Spanish Study: Subcutaneous Trastuzumab Administration Saves Time, Money


A newly published study finds that subcutaneous administration of trastuzumab produces substantial time savings for healthcare providers and patients, as well as reduced costs.

In patients with early or metastatic HER2-positive breast cancer or HER2-positive metastatic gastric cancer, trastuzumab is administered every 3 weeks for 1 year (or until disease progression) by intravenous infusion. The duration of administration is typically 90 minutes in the first infusion, and 30 minutes for each subsequent administration. A subcutaneous (SC) administration of reference trastuzumab, Herceptin, is approved for use in the European Union (and is undergoing a phase 3 trial in the United States). A newly published study, appearing in Clinical and Translational Oncology, finds that SC administration of trastuzumab produces substantial time savings for healthcare providers and patients, as well as reduced costs.

The prospective, observational time-and-motion study conducted in 3 medical centers in Spain recorded the active time that providers expended on trastuzumab SC- and intravenous- (IV) related tasks (including collection, reconstitution, and signing off on the prepared trastuzumab, as well as installing the venous catheter, administering pre-medications, monitoring the patient, and other tasks), and calculated provider time as the mean sum of tasks over 154 administrations. Researchers also calculated mean patient infusion chair time and treatment room time.

Staff costs were calculated using Spanish salaries, and direct costs (including the cost of consumables and of trastuzumab) and indirect costs (including loss of productivity) were also calculated.

In total, 159 patients received trastuzumab in IV administration, and 148 patients received SC trastuzumab. SC administration was associated with reduced active provider time in all 3 centers, with an average time of 13.2 minutes (95% CI; range, 8.9-17.5) versus 27.2 minutes for IV administration (95% CI; range, 2.18-32.6). The greatest reduction was in nursing time, but there were also significant reductions in pharmacist and nursing assistant time.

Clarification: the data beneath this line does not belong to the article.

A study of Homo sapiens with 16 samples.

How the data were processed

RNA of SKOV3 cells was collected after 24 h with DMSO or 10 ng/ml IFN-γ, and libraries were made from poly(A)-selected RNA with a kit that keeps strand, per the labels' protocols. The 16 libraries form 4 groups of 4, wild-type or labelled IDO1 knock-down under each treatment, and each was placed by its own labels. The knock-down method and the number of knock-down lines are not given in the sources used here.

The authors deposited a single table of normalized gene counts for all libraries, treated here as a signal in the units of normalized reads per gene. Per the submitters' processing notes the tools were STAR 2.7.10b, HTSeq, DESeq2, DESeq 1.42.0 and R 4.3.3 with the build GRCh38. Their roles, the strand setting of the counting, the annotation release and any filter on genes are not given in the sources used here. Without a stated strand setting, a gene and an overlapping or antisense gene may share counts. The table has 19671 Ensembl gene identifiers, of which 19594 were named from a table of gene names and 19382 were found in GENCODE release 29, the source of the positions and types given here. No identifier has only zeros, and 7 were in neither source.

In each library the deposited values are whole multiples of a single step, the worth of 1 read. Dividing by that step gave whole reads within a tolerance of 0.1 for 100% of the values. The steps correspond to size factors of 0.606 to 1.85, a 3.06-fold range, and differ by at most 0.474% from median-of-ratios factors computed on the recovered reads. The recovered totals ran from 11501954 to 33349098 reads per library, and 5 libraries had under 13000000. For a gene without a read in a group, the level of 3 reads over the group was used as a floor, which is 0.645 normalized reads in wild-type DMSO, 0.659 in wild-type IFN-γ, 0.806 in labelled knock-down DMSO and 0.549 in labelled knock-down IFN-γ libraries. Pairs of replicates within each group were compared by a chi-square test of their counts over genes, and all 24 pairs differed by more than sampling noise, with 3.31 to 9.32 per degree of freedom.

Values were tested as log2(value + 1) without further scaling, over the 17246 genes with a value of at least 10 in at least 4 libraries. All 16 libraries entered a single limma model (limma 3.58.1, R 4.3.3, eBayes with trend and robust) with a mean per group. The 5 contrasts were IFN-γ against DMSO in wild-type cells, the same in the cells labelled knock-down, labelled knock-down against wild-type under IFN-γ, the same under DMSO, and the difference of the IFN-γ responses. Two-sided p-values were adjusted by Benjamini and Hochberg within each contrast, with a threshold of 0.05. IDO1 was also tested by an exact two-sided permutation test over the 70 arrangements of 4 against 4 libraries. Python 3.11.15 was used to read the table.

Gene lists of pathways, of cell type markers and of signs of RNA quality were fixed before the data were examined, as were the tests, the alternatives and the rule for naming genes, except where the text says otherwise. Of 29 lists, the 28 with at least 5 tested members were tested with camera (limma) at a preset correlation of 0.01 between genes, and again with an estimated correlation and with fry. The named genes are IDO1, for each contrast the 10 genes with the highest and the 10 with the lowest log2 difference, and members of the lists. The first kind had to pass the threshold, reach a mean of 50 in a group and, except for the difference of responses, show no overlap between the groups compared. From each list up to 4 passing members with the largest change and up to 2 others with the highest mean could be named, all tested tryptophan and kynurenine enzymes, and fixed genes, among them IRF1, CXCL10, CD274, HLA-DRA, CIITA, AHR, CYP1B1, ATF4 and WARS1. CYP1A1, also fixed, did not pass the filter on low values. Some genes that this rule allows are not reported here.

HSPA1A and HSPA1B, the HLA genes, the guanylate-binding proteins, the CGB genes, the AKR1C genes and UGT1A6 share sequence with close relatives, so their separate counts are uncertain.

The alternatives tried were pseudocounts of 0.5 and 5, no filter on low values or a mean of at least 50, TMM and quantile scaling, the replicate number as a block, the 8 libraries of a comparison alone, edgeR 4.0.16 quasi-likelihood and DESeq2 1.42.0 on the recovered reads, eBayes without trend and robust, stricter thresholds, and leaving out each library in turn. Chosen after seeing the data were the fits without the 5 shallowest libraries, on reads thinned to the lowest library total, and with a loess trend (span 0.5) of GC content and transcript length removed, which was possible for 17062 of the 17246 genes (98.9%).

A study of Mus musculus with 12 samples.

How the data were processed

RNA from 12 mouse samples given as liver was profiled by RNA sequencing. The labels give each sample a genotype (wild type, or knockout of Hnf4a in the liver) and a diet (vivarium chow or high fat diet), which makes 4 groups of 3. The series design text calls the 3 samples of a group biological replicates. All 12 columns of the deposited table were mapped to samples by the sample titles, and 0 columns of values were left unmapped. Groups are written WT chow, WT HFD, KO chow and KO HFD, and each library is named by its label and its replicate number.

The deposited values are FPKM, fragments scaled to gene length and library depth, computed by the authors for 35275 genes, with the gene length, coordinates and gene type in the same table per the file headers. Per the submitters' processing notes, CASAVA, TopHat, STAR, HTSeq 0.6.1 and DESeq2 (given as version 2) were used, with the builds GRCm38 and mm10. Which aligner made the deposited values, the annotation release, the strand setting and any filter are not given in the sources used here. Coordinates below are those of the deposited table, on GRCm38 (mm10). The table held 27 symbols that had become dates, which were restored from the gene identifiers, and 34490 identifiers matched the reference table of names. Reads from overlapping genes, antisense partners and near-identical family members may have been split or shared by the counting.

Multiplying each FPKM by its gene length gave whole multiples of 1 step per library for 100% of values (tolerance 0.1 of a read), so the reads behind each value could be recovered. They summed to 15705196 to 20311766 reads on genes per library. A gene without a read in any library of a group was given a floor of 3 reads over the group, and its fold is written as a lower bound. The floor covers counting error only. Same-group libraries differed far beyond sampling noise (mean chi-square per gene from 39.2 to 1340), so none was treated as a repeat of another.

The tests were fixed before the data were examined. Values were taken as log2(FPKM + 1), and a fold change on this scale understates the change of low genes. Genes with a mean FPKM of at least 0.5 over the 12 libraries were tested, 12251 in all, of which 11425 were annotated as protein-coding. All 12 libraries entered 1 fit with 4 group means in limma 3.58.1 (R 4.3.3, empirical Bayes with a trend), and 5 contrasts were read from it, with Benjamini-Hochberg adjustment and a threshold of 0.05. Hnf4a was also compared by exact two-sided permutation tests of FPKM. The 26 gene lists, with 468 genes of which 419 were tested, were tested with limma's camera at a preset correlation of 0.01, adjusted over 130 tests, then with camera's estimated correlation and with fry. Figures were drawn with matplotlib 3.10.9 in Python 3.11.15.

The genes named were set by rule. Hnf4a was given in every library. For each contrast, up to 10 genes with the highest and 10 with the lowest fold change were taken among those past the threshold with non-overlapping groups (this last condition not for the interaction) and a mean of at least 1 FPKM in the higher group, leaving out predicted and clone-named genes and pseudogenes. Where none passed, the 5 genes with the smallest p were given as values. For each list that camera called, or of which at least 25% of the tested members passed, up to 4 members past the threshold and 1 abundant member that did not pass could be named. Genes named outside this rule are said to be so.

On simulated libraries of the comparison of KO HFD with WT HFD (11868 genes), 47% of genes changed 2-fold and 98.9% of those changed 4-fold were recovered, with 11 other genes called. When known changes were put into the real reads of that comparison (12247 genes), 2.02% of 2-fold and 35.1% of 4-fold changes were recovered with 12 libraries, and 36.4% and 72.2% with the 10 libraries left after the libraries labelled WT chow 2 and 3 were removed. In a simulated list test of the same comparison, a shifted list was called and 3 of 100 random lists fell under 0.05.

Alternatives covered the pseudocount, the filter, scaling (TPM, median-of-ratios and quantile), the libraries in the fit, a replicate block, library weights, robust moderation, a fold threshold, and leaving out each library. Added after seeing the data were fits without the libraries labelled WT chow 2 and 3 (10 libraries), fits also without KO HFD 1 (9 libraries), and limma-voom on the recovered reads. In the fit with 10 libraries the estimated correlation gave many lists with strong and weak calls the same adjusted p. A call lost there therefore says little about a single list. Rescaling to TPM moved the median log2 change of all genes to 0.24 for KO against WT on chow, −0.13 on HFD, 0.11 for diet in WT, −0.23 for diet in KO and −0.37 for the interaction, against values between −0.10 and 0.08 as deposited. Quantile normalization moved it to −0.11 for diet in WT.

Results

SC administration also reduced the time spent in the treatment room, as it eliminated catheter, premedication, drug transport, and monitoring tasks. In the preparation area, SC trastuzumab resulted in reduced material preparation time (3.9 minutes versus 6.0 minutes) and drug reconstitution time (0 minutes versus 5.9 minutes). The researchers estimate that a complete treatment cycle of IV trastuzumab would require 8.2 hours of provider time, while a complete treatment cycle of SC trastuzumab would require 4 hours.

SC trastuzumab for 18 cycles for 1 patient was estimated to save €121.57 ($143.39) in provider time costs, €112.52 ($132.72) in consumables, and €745.51 ($879.31) in the cost of trastuzumab (measured by reported ex-factory price). In terms of indirect costs (lost productivity), SC trastuzumab reduced per-patient costs for an 18-cycle treatment by €152.83 ($180.26). SC trastuzumab provided an overall cost savings (including direct and indirect costs) of €1132.43 ($1335.68).

The researchers concluded that SC trastuzumab could reduce provider and patient time, and could thereby improve patients’ quality of life and produce cost savings for the Spanish health system. The researchers estimate that 4000 to 5000 women in Spain could be eligible for treatment with trastuzumab for early breast cancer, and the savings realized through SC administration could total as much as €4 million ($4.72 million).